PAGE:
Francona ejected as Rays blast Indians
JUN 02, 2013 6:08p ET
CLEVELAND -- Sunday was not the Indians day, but at least one element of an 11-3 drubbing had fans cheering and players inwardly pleased.
Manager Terry Francona got himself ejected.
This in and of itself means very little in a one-sided loss (to Tampa), but it means something to the players who rarely saw former manager Manny Acta leave the dugout, much less get tossed.
Francona’s ejection was his first in Cleveland and the 35th of his managerial career. And it was noticed.
“Everyone in here appreciates what he did and what he tried to do,” third baseman Mark Reynolds said. “Everyone knows.”
As in everyone knows Francona had a point when he argued the ball-strike calls of home plate umpire Bill Welke.
“I thought he was inconsistent,” Francona said.
In the third inning, Indians starter Zach McAllister threw what looked like strike three to Evan Longoria. Welke called it a ball, and on the next pitch Longoria singled to drive in a run.
“I thought it was a good pitch,” McAllister said. “Obviously it wasn’t.”
As he left the mound at the end of the inning, McAllister was conversing with Welke.
“I was just asking him where a couple pitches were,” McAllister said.
That wasn’t the only call that bothered the Indians, though. At one point in the game, Francona went back to the clubhouse to check the replays. It confirmed what he thought he had seen.
“I told Bill, I said, ‘In fairness to you I went back and looked at the pitches,’” Francona said. “‘We all yell from time to time during the game, so I went back and looked. I feel stronger now than when I was yelling at you from the dugout.’”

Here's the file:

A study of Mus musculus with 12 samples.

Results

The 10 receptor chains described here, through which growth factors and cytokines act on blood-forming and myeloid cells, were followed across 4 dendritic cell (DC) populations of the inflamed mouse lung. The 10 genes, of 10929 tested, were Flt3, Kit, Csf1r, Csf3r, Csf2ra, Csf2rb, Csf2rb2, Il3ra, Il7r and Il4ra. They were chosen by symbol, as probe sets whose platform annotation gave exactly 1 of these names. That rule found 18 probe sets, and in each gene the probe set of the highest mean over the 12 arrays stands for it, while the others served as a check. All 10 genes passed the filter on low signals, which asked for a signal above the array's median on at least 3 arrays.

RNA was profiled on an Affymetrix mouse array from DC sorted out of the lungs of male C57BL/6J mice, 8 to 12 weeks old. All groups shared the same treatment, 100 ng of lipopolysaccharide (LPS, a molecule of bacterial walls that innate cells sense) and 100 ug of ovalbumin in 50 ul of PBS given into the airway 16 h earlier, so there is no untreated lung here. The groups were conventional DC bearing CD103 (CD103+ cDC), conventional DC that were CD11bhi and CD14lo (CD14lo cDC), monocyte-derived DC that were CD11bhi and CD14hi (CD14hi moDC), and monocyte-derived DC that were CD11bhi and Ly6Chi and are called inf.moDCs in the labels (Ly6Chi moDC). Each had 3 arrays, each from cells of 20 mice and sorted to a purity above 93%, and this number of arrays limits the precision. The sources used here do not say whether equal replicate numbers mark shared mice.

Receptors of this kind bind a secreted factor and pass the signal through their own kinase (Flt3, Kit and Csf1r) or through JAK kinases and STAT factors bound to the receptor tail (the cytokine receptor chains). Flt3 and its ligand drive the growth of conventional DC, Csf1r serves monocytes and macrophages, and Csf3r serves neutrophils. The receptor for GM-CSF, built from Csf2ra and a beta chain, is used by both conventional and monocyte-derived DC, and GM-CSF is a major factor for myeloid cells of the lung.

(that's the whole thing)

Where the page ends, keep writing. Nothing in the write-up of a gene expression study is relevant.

Francona yelled, Welke tossed him and Francona came out of the dugout gesturing in frustration and anger.
“I might have cursed,” he said.
He bellowed to Welke that “our guy” was squeezed while the calls against the Indians hitters were half-a-foot off the plate. For emphasis, he spread his hands that far apart.
Welke listened impassively, then stared Francona down as he walked back to the dugout, removing his chew and gum and flinging it in the process.
Fans enjoyed it, because one of the common complaints about Acta was that he rarely argued. Acta’s philosophy was he was not going to change the call; the players wanted to see that he cared. Francona has come out of the dugout fairly regularly. Sunday’s ejection meant something.
“He definitely wore that one for us,” Reynolds said.
“Every player in this locker room has the utmost respect for him,” outfielder Michael Brantley said.
Acta was ejected twice last season, once in August for arguing a call at second base, once in April as part of a brouhaha when pitchers were throwing at guys after being warned. But he was more known in the clubhouse and in the stands for what seemed like a steadfast refusal to argue.
Francona argued ball-strike calls, even though it often means an automatic ejection.
He also was on the field earlier to find out a ruling on a ball down the line that hit the ball boy’s leg in right. He lingered when he got two different explanations from two umpires. (The ball remains in play unless the ball boy picks it up.)
“I was agitated,” Francona said. “I know the rule and the way it was explained to me the first time was completely screwed up.”
Francona knows a team has to overcome calls it may disagree with, but he also was not going to sit back. When it was over he and the team moved on to the next game, which will be in the Bronx against the Yankees.
“I really don’t care to go back on that,” Brantley said when asked about the calls.
“Nobody’s perfect,” Gomes said. “He (Welke) was calling some good pitches, but either way we still have to make good pitches.”
“It’s part of the game,” McAllister said. “You’re not going to get calls you want sometimes, and sometimes you’re going to get the calls you might not expect to get. It’s just part of it. You just roll with it and move on to the next pitch.”
The most important thing the Indians took from the loss was confirmation of a feeling they’ve had since spring training.
“We know (Francona) has our back,” Brantley said. “There’s no question about that.”